Trump, top democrats openly spar in oval office over border wall

Trump, top democrats openly spar in oval office over border wall

She told colleagues that she was "trying to be the mum" in the room while Trump and Senate Minority Leader Charles Schumer bickered about the coming funding showdown.

Tuesday's theatrics in the Oval Office between U.S. President Donald Trump and House and Senate Minority Leaders Nancy Pelosi and Chuck Schumer have increased the chances that large parts of the U.S. federal government will shut down when funding authorisation for them expires at the end of next week.

President Donald Trump threatened on Tuesday to order the military to build a multibillion-dollar barrier along the United States-Mexico border if Democrats refuse funding for the controversial project.

If a new overall funding bill isn't signed into law, part of the government will shut down after December 21.

Pelosi hardly saved her disdain for Trump for the private audience, letting it rip in slightly more respectful tones a few hours earlier when the president invited journalists into the Oval Office for what were billed as talks over the national budget. Mr Trump cut off Ms Pelosi, arguing that he could not advance a funding bill without Democratic votes in the Senate.

She said the House Ways & Means Committee would make that decision and cautioned that "it's a little more challenging than you might think".

"But it's not bad Nancy", Mr. Trump said.

Although White House press secretary Sarah Huckabee Sanders released a statement describing the meeting as a "constructive dialogue" in spite of disagreement over the border, the White House later tweeted that Democrats were standing in the way of border security.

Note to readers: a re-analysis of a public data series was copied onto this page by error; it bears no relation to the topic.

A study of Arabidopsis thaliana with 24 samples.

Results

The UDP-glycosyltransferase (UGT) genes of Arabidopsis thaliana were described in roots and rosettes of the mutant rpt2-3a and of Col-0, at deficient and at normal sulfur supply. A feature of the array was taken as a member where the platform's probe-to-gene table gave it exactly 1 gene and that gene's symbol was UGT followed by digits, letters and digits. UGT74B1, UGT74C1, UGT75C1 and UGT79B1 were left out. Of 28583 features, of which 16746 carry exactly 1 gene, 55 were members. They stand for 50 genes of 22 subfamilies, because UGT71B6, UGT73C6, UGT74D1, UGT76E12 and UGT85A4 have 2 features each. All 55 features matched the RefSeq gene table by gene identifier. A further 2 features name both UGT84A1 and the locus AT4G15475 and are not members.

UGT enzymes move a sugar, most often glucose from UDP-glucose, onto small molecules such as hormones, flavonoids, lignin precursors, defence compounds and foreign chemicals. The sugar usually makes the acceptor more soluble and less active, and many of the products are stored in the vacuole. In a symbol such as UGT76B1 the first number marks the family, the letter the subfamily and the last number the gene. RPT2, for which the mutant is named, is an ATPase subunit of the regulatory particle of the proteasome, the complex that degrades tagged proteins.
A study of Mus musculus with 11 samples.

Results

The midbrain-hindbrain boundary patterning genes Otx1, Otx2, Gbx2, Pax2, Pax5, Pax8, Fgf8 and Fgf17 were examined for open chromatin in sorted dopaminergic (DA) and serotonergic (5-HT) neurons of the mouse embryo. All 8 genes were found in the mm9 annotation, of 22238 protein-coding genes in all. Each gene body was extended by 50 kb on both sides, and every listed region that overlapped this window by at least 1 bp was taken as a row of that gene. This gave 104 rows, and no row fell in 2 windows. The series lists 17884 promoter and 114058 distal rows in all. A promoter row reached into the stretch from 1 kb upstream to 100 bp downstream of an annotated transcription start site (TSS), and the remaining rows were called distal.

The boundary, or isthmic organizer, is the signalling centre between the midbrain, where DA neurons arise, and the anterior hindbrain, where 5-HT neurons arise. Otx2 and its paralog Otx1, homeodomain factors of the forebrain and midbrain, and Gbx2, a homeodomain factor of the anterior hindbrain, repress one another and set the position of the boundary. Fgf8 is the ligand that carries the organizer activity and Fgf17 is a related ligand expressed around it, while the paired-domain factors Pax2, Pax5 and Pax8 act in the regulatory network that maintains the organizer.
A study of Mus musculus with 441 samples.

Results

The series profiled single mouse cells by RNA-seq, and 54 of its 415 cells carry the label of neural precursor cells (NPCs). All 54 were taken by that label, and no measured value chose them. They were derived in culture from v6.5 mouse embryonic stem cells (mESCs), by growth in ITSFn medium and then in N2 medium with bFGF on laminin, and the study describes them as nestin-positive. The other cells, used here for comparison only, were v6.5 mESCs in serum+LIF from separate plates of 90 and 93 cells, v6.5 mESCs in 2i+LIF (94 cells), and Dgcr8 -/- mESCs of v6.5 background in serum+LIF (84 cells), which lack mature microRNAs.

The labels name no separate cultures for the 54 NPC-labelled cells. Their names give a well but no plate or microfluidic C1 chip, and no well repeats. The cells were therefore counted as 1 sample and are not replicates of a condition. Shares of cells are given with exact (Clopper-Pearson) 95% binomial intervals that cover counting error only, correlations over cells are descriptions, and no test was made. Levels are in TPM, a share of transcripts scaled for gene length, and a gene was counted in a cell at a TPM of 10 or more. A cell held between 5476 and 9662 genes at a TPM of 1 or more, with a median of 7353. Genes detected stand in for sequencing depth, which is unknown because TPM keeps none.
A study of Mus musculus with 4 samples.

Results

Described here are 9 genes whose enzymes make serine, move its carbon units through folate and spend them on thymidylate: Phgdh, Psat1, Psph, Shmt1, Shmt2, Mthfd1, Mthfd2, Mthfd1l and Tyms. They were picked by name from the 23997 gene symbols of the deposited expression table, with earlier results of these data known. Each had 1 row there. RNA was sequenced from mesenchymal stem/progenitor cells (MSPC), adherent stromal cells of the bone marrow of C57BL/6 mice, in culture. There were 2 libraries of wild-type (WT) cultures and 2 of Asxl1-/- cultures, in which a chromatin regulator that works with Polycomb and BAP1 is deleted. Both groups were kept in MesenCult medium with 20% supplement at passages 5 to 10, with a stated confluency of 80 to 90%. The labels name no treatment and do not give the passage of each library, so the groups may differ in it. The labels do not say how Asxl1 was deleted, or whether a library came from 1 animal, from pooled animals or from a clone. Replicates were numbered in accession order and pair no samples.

"They were wearing smiles and a bunch of new power", Cuomo said on his program of Pelosi and Schumer.

There will be no additional appropriations to pay for the border wall.

Schumer added that Trump should accept the offer because, even if there is a government shutdown, it would only last until Democrats take over the House on January 3 and pass their preferred funding bill.

The agreement stipulates that the leaders could serve a fourth and final term if they are elected with two-thirds of the caucus.

The Washington Post reported at least six of those Democratic holdouts plan to back Pelosi's bid after the announcement, and at least one member of the House who opposed her nomination, Rep. Linda Sánchez (D-Calif.), publicly expressed her support on Wednesday after the decision.

"If the Democrats do not give us the votes to secure our Country, the Military will build the remaining sections of the Wall", Trump said in a stream of Twitter messages Tuesday.

"It's done", Schumer said.

Trump has said that his proposed wall would prevent drug dealers and criminals from infiltrating the country. Border wall funding is the biggest issue. In a deal with rebels that will pave the way for Nancy Pelosi's return as House speaker, she has agreed to limit her time in the role to a maximum of four years.